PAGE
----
Noah Shachtman has new piece out in Wired exploring the reported drop in violence in Iraq in recent months. He argues that this is the result of the US abandoning its somewhat techno-centric approach to prosecuting the war — and focusing instead on Iraq's social, political, tribal, and cultural networks. Snip:
The war was launched, in part, on a premise that you could wipe out
more bad guys with fewer troops, as long as those troops were
networked together. Businesses like Wal-Mart made their supply chain
more efficient through information technology; the military could do
the same with its "kill chain," the theory of network-centric warfare
The idea — first popularized in article published ten years ago, next
month — pretty much worked as advertised, for a while. The problem
is, killing people more efficiently is one of the last things you need
to do a counterinsurgency situation, like the one the U.S. is facing
in Iraq and Afghanistan. Instead, you need to take steps to reinforce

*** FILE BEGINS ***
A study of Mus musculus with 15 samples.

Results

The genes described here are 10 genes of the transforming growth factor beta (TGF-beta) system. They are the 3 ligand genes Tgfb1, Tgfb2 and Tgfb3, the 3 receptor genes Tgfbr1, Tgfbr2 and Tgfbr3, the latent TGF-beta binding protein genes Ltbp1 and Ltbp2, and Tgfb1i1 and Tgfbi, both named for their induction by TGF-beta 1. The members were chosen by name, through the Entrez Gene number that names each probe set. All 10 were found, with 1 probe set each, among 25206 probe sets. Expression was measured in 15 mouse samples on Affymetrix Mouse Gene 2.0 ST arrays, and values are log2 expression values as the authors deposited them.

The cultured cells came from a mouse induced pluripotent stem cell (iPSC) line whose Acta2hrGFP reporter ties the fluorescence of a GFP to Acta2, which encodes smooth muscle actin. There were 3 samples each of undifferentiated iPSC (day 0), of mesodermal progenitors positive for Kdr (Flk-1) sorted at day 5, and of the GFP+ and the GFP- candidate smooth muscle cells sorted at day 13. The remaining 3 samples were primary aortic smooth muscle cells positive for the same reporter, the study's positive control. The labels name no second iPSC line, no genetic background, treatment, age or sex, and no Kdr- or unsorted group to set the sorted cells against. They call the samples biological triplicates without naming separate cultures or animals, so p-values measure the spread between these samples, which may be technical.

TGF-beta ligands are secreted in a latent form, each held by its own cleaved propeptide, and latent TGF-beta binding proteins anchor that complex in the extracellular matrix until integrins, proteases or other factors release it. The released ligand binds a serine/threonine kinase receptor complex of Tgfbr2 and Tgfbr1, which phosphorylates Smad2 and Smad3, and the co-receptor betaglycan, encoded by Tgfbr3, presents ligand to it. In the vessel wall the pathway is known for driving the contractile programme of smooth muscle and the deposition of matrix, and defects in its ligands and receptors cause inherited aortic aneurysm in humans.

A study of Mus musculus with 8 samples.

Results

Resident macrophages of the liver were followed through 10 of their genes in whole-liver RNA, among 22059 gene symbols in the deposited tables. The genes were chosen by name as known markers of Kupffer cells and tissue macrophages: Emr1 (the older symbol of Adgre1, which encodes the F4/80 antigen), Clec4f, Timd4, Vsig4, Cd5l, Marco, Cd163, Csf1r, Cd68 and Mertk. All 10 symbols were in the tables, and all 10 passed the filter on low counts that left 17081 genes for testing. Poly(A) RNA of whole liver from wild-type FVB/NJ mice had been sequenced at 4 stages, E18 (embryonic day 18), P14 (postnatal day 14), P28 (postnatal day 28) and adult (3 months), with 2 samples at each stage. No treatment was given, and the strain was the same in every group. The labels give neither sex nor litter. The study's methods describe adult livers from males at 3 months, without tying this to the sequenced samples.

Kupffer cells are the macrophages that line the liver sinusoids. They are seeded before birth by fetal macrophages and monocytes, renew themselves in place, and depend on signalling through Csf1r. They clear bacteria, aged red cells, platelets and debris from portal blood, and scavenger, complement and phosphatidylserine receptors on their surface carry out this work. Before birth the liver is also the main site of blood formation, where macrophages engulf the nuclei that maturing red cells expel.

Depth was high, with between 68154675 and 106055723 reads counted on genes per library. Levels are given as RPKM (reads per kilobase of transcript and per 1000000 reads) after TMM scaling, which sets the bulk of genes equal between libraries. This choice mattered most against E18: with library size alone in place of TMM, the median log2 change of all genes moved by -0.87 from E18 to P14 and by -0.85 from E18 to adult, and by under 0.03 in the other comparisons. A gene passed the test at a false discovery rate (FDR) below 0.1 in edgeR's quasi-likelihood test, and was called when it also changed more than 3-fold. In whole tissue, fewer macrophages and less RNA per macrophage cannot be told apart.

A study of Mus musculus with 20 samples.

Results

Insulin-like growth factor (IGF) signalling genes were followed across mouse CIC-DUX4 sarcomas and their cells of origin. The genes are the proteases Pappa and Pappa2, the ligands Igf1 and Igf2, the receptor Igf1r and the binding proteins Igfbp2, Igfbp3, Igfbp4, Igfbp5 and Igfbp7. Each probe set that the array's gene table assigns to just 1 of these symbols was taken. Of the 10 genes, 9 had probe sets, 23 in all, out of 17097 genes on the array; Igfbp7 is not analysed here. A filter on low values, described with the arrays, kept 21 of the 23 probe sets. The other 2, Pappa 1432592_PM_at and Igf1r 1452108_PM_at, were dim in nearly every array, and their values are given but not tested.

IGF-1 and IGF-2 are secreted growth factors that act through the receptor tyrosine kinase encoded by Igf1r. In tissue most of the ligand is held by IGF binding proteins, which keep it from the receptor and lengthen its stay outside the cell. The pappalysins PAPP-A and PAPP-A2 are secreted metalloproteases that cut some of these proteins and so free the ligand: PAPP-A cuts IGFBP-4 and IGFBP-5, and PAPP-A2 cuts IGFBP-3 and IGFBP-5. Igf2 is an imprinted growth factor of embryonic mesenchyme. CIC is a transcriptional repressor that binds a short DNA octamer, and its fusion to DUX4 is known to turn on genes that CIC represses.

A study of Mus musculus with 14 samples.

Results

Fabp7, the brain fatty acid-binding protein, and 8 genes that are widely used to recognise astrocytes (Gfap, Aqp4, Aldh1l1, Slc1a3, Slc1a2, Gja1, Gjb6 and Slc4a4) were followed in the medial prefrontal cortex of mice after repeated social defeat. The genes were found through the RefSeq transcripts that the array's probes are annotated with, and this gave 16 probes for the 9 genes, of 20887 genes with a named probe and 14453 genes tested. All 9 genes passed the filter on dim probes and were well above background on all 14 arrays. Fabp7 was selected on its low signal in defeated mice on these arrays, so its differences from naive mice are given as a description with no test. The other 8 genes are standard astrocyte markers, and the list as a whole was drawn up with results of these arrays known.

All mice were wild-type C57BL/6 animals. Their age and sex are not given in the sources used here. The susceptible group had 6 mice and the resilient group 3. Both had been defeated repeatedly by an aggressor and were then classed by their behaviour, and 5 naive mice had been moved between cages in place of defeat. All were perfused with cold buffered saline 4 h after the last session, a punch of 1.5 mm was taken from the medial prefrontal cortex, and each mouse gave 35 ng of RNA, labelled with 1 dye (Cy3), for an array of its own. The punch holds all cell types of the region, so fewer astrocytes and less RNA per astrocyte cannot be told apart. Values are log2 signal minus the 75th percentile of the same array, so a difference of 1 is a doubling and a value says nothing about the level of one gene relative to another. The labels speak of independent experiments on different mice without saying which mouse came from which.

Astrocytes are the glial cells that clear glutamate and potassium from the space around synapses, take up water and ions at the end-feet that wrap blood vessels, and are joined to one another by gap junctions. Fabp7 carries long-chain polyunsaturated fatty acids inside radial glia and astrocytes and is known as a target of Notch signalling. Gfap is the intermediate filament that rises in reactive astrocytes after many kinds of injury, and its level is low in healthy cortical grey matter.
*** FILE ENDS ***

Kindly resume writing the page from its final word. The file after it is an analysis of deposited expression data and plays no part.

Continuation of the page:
civil society, rather than blowing it apart. And that takes an
understanding of the society you're trying to build.
For the story, I scored a rare opportunity to spend time with a U.S.
"psychological operations" team, getting into the heads of the people
of Fallujah; hung out with an Army colonel who worked his tribal
connections to bring stability to one of Iraq's roughest towns; spent
time with the heads of a controversial program to embed
anthropologists into combat units; and interviewed General David
Petraeus, the U.S. commander in Iraq.
Photo: shot by Todd Hido in Iraq for Wired. A tattered flag flies from a cell phone antenna.